Tremendous camping opportunities can be found on public lands throughout New Mexico. These include developed campgrounds and primitive, dispersed camping opportunities, which can be found in a wide variety of backcountry environments -- from the wide open high plains and deserts of southern New Mexico to the alpine mountains of northern New Mexico.
Developed Camping Sites
BLM manages a variety of developed campgrounds in New Mexico. Each campground offers a different mix of facilities, landscapes, and outdoor activities. Most campgrounds charge fees, ranging from $4.00 to $10.00 per unit per night. Monies from fees charged at developed campgrounds are used to maintain those areas for everyone’s enjoyment.
We ask you "tread lightly" on the land and “leave no trace” of your visit.
There is a generally a 14-day camping limit for BLM’s developed campgrounds. An exception to this is the developed campsites within BLM’s Rio Puerco and Taos Field Offices, which have a 7-day camping limit.
When camping in a developed site:
- If you have more than two vehicles or more than 10 people, please use a group site or two campsites.
- Please respect other campers and keep the quiet hours of 10:00 p.m. until 6:00 a.m., or those posted.
- Pets must be kept on leashes.
- Horses, llamas, and other livestock are not allowed in campgrounds or picnic areas, unless BLM has specifically provided facilities for that use.
- Personal property unattended for more 24 hours will be considered abandoned and can be disposed of by the BLM at the owner’s expense.
- On developed recreation sites and areas, unless otherwise authorized, you may not discharge or use firearms, other weapons, or fireworks.
Dispersed Camping Sites
Camping on public lands away from developed recreation facilities is referred to as "dispersed camping." These sites are widely dispersed, undeveloped, and are generally not signed as campsites.
BLM's overall policy is to allow dispersed camping on all the lands it administers with the following conditions and exceptions:
- Dispersed camping is generally allowed on public lands in New Mexico for no more than a period of 14 days within any period of 28 consecutive days. The 14-day limit may be reached either through a number of separate visits or through 14 days of continuous overnight occupation during the 28-day period. After this time period, you must relocate to another site at least 25 miles away. The purpose of this is to prevent damage to sensitive resources caused by continual use of any particular areas.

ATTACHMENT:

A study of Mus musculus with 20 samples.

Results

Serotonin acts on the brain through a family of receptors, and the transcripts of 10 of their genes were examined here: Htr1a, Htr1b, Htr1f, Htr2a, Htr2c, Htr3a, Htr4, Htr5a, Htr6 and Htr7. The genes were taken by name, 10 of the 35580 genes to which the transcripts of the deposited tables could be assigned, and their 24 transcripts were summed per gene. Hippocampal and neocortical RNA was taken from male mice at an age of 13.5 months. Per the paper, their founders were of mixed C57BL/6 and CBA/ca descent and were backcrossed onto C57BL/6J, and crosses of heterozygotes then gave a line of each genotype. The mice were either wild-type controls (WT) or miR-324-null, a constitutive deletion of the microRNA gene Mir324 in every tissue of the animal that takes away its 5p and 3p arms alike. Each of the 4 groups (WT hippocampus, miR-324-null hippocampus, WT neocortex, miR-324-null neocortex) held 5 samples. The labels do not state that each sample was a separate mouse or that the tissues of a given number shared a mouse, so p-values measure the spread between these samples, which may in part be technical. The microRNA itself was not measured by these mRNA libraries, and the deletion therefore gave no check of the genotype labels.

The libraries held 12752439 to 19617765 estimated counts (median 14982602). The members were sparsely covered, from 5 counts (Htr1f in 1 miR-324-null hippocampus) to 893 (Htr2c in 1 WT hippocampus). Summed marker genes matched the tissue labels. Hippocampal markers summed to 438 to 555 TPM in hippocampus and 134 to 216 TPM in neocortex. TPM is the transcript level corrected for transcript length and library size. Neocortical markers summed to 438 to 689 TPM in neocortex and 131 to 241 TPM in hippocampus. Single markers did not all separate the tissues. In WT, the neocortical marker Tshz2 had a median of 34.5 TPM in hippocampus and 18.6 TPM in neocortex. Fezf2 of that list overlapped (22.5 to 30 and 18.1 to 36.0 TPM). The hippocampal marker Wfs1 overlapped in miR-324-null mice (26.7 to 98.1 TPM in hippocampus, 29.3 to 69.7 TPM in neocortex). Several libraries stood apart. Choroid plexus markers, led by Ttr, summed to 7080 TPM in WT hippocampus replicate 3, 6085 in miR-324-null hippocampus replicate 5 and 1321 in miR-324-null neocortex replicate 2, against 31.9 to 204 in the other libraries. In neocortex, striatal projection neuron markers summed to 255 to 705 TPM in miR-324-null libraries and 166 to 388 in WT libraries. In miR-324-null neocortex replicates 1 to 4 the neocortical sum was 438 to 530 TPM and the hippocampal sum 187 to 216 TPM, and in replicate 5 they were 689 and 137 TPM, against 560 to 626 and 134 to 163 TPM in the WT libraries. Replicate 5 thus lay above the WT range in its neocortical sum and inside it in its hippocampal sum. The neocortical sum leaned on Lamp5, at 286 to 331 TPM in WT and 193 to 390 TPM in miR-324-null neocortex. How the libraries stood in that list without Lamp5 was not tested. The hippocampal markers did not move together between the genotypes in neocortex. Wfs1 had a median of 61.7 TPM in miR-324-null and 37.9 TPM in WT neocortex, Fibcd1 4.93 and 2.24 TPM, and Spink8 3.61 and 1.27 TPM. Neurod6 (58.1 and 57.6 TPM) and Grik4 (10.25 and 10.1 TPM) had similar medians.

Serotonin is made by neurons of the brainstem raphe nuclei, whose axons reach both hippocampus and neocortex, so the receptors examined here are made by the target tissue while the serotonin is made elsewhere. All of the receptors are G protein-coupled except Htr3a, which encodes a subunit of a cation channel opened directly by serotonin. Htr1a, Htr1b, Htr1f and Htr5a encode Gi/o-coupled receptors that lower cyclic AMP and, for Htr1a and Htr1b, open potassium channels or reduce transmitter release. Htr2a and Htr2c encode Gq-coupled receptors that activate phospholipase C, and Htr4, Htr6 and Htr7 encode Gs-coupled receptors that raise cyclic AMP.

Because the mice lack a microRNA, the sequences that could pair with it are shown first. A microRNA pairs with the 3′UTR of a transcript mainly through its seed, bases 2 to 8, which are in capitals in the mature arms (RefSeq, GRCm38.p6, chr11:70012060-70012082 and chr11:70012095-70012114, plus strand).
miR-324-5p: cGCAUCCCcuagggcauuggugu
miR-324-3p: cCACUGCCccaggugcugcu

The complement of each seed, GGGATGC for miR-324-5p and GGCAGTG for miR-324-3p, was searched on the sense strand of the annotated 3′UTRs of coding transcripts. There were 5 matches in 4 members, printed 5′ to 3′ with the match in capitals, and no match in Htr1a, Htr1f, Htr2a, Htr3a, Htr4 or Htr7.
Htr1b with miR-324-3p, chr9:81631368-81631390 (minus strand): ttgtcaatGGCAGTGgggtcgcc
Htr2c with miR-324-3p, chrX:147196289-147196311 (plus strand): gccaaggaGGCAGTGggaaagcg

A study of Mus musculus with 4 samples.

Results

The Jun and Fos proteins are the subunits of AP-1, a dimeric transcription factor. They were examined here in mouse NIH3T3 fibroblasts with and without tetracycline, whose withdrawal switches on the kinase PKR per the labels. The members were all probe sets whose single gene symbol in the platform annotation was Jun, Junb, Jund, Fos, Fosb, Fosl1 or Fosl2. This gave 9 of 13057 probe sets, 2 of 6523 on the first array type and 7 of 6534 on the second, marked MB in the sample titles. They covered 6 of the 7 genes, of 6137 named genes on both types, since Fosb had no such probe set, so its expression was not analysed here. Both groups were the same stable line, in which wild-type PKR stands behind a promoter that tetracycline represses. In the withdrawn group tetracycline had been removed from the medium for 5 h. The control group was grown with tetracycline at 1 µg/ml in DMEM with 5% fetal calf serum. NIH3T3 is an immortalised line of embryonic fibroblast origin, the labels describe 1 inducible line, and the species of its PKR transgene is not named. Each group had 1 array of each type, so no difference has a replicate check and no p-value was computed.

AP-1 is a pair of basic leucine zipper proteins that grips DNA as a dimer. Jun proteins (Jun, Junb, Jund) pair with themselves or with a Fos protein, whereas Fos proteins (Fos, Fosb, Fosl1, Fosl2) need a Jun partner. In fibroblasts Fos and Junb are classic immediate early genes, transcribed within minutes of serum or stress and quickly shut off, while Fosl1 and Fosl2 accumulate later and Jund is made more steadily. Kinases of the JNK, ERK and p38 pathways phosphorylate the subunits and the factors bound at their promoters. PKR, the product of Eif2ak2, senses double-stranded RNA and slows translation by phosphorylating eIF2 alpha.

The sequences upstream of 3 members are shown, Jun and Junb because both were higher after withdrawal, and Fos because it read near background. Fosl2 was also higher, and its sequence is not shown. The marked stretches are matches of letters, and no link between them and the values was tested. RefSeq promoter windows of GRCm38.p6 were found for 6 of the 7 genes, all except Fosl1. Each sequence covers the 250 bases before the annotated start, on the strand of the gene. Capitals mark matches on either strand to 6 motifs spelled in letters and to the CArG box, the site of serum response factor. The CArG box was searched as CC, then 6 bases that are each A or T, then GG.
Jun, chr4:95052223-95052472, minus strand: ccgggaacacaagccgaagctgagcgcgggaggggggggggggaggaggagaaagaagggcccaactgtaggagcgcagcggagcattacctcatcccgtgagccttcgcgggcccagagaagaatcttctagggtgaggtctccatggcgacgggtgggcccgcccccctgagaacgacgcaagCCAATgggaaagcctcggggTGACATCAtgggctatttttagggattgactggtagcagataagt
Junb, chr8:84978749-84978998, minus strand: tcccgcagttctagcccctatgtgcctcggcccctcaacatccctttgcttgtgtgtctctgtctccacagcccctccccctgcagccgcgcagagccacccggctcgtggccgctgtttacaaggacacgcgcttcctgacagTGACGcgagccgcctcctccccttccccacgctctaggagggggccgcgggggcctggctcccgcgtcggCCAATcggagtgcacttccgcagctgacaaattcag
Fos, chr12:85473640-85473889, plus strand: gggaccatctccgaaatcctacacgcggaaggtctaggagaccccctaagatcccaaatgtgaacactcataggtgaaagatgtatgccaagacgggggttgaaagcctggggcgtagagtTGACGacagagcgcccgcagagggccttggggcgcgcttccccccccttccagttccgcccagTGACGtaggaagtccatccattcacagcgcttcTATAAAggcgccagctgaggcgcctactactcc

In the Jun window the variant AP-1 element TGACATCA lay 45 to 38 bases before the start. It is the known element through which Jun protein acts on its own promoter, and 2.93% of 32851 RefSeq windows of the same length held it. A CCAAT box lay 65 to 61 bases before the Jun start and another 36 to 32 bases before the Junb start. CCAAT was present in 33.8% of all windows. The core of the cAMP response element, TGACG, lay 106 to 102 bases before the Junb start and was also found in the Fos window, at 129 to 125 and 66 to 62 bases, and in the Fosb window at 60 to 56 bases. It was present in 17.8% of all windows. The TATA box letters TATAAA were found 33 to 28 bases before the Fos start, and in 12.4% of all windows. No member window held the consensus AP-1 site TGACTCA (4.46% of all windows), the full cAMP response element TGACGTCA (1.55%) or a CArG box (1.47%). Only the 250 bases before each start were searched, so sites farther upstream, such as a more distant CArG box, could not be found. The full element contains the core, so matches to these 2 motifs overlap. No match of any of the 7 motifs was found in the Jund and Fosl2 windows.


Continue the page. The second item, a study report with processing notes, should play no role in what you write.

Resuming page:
- Camping is prohibited within 900 feet of any developed water source such as a guzzler or watering trough so that the water is accessible to wildlife and livestock. Please do not park your vehicles near these waters or take any actions that would disturb wildlife or livestock from using these waters.
- Campfires must be attended at all times. Campers must comply with all fire restrictions.
- When using a motorized vehicle for camping access within a “Limited Use Area,” limit your parking and vehicle-based camping to no more than 300 feet from an established road.
- Camping is permitted within all units of the National Wilderness Preservation System administered by the BLM in New Mexico. However, all motorized and mechanized vehicles and equipment are strictly prohibited in these areas.
- Campers must not dispose of refuse, hazardous materials, sewage, or gray water, in any manner that would pollute the surrounding area. Please pack it out, and dispose of those materials properly.
- Individual BLM Field Offices may have additional or supplemental special camping rules or guidelines. Please call our Field Offices or visit our individual recreation websites for this information.
Dispersed camping must not:
- conflict with other authorized uses;
- occur in areas that are posted as being "closed to camping;" or
- in some way adversely affect wildlife species, livestock, or natural or cultural resources.
Be careful with fire at all times! Areas can be devastated by thoughtlessness or indifference on the part of anyone - hunter, camper, local resident, or visitor. New Mexico often suffers from drought, making the risk of fire very high, and it is up to all of us to protect our lands. Here are some easy rules and guidelines to follow:
- Check fire conditions before heading out by calling the appropriate field office, or look up the most recent information at www.nmfireinfo.com.
- Obey all fire use restrictions issued by the State of New Mexico or the BLM. You can find a list of BLM’s fire restrictions at: www.blm.gov/nm/firerestrictions.
- You may not collect wood when in a developed campsite. However, you may use "dead and down" wood for small personal campfires, unless collection of wood is otherwise restricted, on the rest of BLM-managed lands if there are no fire restrictions.
- Do not burn trash or material that produces toxic or hazardous material.
- Always build fires in the stove, grill, fireplace, or ring provided in developed campgrounds.
- Never leave a fire unattended.
- Carry a shovel and water with you and be sure all fires are "dead out" before you leave.
- Consider cooking on a camp stove rather than over a fire.
Alcohol & Drug Use
Possession or use of illegal drugs on public lands is against the law.